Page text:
When Family and Business Collide Last Part

By Prof Enrique Soriano

This is the last part of the story of George, the founder of a diversified business, a known philanthropist but battling the biggest battle of his life… racing against time! When we first met, he told me he was dying and was desperate as he had a little more than a year to live. Here was a well-known and influential business leader, facing death and pleading with me to help him prepare his one final act of greatness—an orderly succession to his children so they can carry on his legacy. Before our meeting ended, he again reiterated his request and implored me to help him, “Please, I cannot afford to drop the baton, I just can’t.”

In my first session with George and his family, I reiterated to everyone, especially to the children that as they embark on this succession journey, they must also walk it faithfully. This will require a major shift from their current individualistic attitude to sibling partnership with the end goal of stewardship, that every decision they make will revolve around the greater good, absolute discipline, compliance of rules, and real sacrifice. In short, the family must agree on the need to professionalize and clarify their vision for the sake of the company’s future. They must also align their aspirations for the business and for themselves and must decide on two very critical elements:  as children and future owners, how will they be governed and how will they manage their relationships with the business. In short, I forewarned them that this journey will be tough and difficult before it gets better.

Deteriorating Health 

As our regular sessions went full steam, George was always present and engaged in many discussions, sometimes heated and in many cases, inspiring. But his last few months were hard to witness and the most heartbreaking was watching him being wheeled inside the room. George’s booming voice and energy was slowly fading and his interaction was limited to head and neck gestures and nods to express his agreement. When his health further deteriorated, the doctors sternly advised the family that he should no longer join our sessions.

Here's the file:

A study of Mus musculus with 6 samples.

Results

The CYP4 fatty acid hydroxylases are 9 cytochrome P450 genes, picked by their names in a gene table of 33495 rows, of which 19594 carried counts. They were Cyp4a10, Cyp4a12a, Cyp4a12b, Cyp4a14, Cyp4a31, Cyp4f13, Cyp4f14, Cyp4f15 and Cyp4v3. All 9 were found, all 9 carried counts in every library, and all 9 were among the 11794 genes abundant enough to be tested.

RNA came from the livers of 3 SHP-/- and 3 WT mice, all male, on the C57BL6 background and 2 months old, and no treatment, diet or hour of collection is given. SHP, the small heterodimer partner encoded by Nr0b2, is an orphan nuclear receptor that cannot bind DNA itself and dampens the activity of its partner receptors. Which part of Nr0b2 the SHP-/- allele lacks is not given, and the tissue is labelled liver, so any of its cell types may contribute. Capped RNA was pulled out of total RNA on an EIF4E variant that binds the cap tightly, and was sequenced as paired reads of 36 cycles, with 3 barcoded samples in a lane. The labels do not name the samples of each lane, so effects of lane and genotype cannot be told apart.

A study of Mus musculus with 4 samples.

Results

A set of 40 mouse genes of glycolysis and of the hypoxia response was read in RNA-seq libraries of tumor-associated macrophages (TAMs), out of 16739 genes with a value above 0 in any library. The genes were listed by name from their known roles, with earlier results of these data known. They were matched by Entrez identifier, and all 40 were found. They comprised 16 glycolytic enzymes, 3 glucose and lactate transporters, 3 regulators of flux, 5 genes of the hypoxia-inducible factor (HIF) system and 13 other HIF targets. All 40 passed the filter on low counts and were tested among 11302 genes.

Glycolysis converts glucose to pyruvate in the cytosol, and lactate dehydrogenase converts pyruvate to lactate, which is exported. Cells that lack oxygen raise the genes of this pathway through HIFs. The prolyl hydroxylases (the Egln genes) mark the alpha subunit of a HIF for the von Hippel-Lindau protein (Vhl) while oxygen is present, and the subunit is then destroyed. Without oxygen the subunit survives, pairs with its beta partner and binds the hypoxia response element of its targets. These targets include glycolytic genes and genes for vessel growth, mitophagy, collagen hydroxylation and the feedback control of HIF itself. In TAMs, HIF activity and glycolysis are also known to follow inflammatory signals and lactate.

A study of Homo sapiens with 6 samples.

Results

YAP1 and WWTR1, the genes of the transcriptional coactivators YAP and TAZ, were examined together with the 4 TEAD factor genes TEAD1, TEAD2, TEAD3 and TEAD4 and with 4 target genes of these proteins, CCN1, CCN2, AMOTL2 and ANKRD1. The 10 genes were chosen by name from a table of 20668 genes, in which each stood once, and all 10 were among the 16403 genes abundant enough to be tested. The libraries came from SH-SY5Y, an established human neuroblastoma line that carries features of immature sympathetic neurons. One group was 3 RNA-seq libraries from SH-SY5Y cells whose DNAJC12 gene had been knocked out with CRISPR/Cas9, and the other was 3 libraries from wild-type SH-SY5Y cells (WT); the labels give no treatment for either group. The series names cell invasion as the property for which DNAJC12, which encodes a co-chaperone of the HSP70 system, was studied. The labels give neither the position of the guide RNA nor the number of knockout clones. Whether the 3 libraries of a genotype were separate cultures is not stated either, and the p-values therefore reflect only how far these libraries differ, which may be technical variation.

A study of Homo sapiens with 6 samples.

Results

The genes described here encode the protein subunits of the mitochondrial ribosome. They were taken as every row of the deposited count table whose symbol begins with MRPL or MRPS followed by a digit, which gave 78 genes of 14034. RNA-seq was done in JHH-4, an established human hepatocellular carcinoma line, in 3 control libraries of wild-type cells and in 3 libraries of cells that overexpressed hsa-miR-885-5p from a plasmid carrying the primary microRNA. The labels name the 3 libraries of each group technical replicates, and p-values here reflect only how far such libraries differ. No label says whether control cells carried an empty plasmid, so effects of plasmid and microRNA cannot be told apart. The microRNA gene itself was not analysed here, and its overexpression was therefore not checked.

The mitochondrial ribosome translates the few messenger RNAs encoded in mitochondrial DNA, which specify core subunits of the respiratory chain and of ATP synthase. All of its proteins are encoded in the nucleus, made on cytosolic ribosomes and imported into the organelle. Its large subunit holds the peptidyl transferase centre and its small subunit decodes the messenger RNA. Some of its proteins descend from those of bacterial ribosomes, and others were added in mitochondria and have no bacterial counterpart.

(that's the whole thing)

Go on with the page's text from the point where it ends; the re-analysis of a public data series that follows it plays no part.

As his body weakened, I received a message from his personal nurse to hurriedly visit him. In a frail and almost whispering tone, George asked me a question, “my family will be ok and they will take care of our employees, right?” He repeated the question with a look of desperation on his face. At that moment, I realized that being uncomfortable and facing death were the least of his concerns. What was most terrifying to George was leaving behind his family and the business enterprise hanging in the balance. Suddenly, I understood that what he needed most was not for me to make sure he was comfortable, but for me to reassure him that his family and business will be ok after he was gone. A few days after, he passed away leaving a huge void.  We were halfway into our succession and governance journey.

Family, Business, Legacy are at stake  

We may show pity over George’s unfortunate state, but his situation is not so different from that of many founders. A typical founder continues to drive the business forward, obsessed with making loads of money, very particular with his stature or reputation in the community and in effect continues to declare to all and sundry that “I am in charge and in full control of the business that I built from nothing!”

The Georges’ of this world remain at the center of all major decisions and they tend to have little trust in others. They do not have senior level and independent minded executives but trusted assistants acting like managers that were with them during the startup years. Typically these “managers/assistants” have nary any decision making function and as a result, the corporate culture is highly paternalistic. Unless a transformation or major shift to a more professional structure happens (where managers are empowered) before the founder dies, these types of founder-centric firms do not always survive.